Written by Dyami Millarson
This encyclopedia defines worldview as follows: “World view is one of a number of concepts in cultural anthropology used in the holistic characterization and comparison of cultures. It deals with the sum of ideas which an individual within a group and/or that group have of the universe in and around them.” Ancient peoples made their cultural contributions by bringing their own unique collectively agreed up thoughts to the table, which were inherited from the ancestors and dutifully transmitted; the Romans provided their own perspective known as interpretātiō Rōmāna, the Greeks their own perspective known as interpretātiō Graeca, and likewise the Germanic-speaking population had their own perspective, which we may call interpretātiō Germānica.
When comparing religions, it is an art to see things the Germanic polytheist way. I regard it, therefore, as an artistic endeavour to compare, for example, Greco-Roman folk religion, Ostyak folk religion, Surinamese folk religion, Nenets folk religion, Yoruba folk religion, Kartvelian folk religion, Hawaiian folk religion, and so on with Germanic folk religion. In other words, interpretātiō Germānica Germanic interpretation, which is a Germanic folk religious characterisation and comparison of religions, is an art; Germanic interpretation is itself an ancient method of analysis, which may be compared to how Mircea Eliade makes sense of shamanism — as seen in his magnum opus on that topic — by comparing it with Germanic paganism. After all, the Germanic ancestors must have made sense of the unfamiliar through the familiar: when they were presented with new information, they would have sought to fit it inside their worldview.
The Germanic ancestors must have looked at the Gods and rites of other ancient peoples, and thought to themselves: they are just like us, they are worshipping our Gods with different names and they are ostensibly giving blood sacrifices to our Gods. One way of studying Germanic religion is providing a Germanic perspective on other religions; for that helps to reveal what Germanic religion is essentially equal to or separate from. From a Germanic polytheist perspective, many peoples around the world are essentially practising Germanic folk religion or what istensibly looks like Germanic folk religion; for it is important to find out what the religions look look like when interpreting them through a Germanic folk religious lens.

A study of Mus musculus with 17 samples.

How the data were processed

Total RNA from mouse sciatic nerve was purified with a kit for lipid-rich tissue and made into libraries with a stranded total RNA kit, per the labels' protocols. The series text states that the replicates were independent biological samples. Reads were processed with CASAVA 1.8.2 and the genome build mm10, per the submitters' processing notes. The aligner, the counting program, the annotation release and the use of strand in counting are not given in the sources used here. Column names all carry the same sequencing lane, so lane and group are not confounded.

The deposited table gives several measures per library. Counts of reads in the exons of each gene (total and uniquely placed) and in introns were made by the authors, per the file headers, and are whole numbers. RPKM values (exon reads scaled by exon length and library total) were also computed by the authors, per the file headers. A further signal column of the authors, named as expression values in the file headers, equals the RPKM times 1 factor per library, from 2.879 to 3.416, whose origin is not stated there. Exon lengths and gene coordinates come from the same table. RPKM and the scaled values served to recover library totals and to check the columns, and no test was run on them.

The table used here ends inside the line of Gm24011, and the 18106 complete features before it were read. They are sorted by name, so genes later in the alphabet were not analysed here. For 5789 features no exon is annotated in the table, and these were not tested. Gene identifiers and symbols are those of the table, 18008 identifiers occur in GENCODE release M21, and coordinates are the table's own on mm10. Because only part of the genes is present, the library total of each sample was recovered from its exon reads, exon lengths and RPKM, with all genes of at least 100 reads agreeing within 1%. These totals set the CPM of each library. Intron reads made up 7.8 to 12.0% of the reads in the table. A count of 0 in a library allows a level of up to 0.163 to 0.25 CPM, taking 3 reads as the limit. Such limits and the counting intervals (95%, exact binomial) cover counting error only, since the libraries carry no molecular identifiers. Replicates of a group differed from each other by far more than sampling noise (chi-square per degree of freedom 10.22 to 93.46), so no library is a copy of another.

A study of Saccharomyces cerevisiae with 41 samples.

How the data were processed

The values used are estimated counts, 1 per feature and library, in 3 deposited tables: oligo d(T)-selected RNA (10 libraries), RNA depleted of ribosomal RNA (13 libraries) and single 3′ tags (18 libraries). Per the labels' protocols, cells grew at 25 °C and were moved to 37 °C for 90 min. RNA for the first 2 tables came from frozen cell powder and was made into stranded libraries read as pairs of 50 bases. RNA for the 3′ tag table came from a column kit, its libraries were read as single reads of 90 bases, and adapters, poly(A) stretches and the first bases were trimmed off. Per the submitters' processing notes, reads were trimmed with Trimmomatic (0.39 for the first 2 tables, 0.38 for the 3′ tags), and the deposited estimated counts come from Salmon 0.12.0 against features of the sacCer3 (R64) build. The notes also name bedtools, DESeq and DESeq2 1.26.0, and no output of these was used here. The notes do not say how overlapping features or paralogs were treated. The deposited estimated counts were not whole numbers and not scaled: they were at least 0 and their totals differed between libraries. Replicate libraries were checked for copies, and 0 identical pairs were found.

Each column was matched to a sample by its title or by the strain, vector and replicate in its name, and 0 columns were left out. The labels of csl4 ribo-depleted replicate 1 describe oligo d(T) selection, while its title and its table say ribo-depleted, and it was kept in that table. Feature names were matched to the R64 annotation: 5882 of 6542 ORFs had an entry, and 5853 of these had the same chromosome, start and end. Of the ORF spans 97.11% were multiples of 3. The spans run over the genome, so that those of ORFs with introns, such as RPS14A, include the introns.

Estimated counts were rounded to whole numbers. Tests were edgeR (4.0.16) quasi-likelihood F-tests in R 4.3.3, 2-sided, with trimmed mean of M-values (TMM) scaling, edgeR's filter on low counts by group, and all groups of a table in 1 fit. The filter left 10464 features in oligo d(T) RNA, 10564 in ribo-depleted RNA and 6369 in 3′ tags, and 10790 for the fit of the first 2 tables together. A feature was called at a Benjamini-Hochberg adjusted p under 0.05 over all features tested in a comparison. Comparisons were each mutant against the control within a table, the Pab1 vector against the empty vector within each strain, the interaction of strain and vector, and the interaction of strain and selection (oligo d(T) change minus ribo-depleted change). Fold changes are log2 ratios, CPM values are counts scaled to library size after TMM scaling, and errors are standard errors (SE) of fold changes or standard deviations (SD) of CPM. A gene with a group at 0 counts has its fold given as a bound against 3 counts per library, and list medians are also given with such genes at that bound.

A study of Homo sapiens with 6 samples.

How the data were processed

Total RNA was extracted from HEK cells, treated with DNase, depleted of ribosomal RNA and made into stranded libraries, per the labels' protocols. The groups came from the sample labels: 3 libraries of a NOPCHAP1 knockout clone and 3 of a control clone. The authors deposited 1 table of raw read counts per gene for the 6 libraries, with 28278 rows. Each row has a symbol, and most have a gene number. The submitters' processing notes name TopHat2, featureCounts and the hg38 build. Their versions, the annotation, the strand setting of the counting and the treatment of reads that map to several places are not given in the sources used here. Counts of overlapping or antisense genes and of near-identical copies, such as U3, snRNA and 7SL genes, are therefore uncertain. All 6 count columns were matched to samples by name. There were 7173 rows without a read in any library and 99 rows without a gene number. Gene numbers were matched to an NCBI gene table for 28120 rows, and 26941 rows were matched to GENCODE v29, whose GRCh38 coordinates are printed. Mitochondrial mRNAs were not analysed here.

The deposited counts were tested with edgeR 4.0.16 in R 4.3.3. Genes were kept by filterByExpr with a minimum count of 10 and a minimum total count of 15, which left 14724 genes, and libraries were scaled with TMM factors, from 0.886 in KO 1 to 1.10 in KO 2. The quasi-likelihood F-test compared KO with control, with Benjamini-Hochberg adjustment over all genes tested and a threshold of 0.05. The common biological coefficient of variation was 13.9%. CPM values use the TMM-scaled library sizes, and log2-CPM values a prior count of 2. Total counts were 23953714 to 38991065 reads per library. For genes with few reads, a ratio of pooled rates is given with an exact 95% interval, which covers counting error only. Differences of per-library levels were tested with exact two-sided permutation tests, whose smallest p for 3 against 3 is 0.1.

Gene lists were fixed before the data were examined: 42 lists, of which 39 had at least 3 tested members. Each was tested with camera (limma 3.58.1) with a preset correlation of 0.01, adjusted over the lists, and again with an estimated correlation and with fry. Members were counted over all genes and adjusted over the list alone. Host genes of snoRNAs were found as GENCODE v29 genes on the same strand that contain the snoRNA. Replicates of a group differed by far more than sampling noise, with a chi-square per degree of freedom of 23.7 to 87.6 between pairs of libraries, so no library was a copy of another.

Of course, there are also practices that incompatible with Germanic religion. It is also useful to identify those. Yet, what matters for the Germanic paleopagan perspective is finding in what ways religions are essentially the same as Germanic paleopaganism; what elements in religions which can be studied prove the universality of the core tenets in Germanic folk religion? What articles of religion show that the truths of Germanic religion are universal?
These are questions old pagan thinkers would certainly have concerned themselves with in interactions with foreign religions, and trying to answer those questions will help unravel paleopagan logic as well as explain Germanic religion as it relates to other religions in the world; for, from a Germanic paleopagan point of view, all primordial religions are ultimately Germanic religion.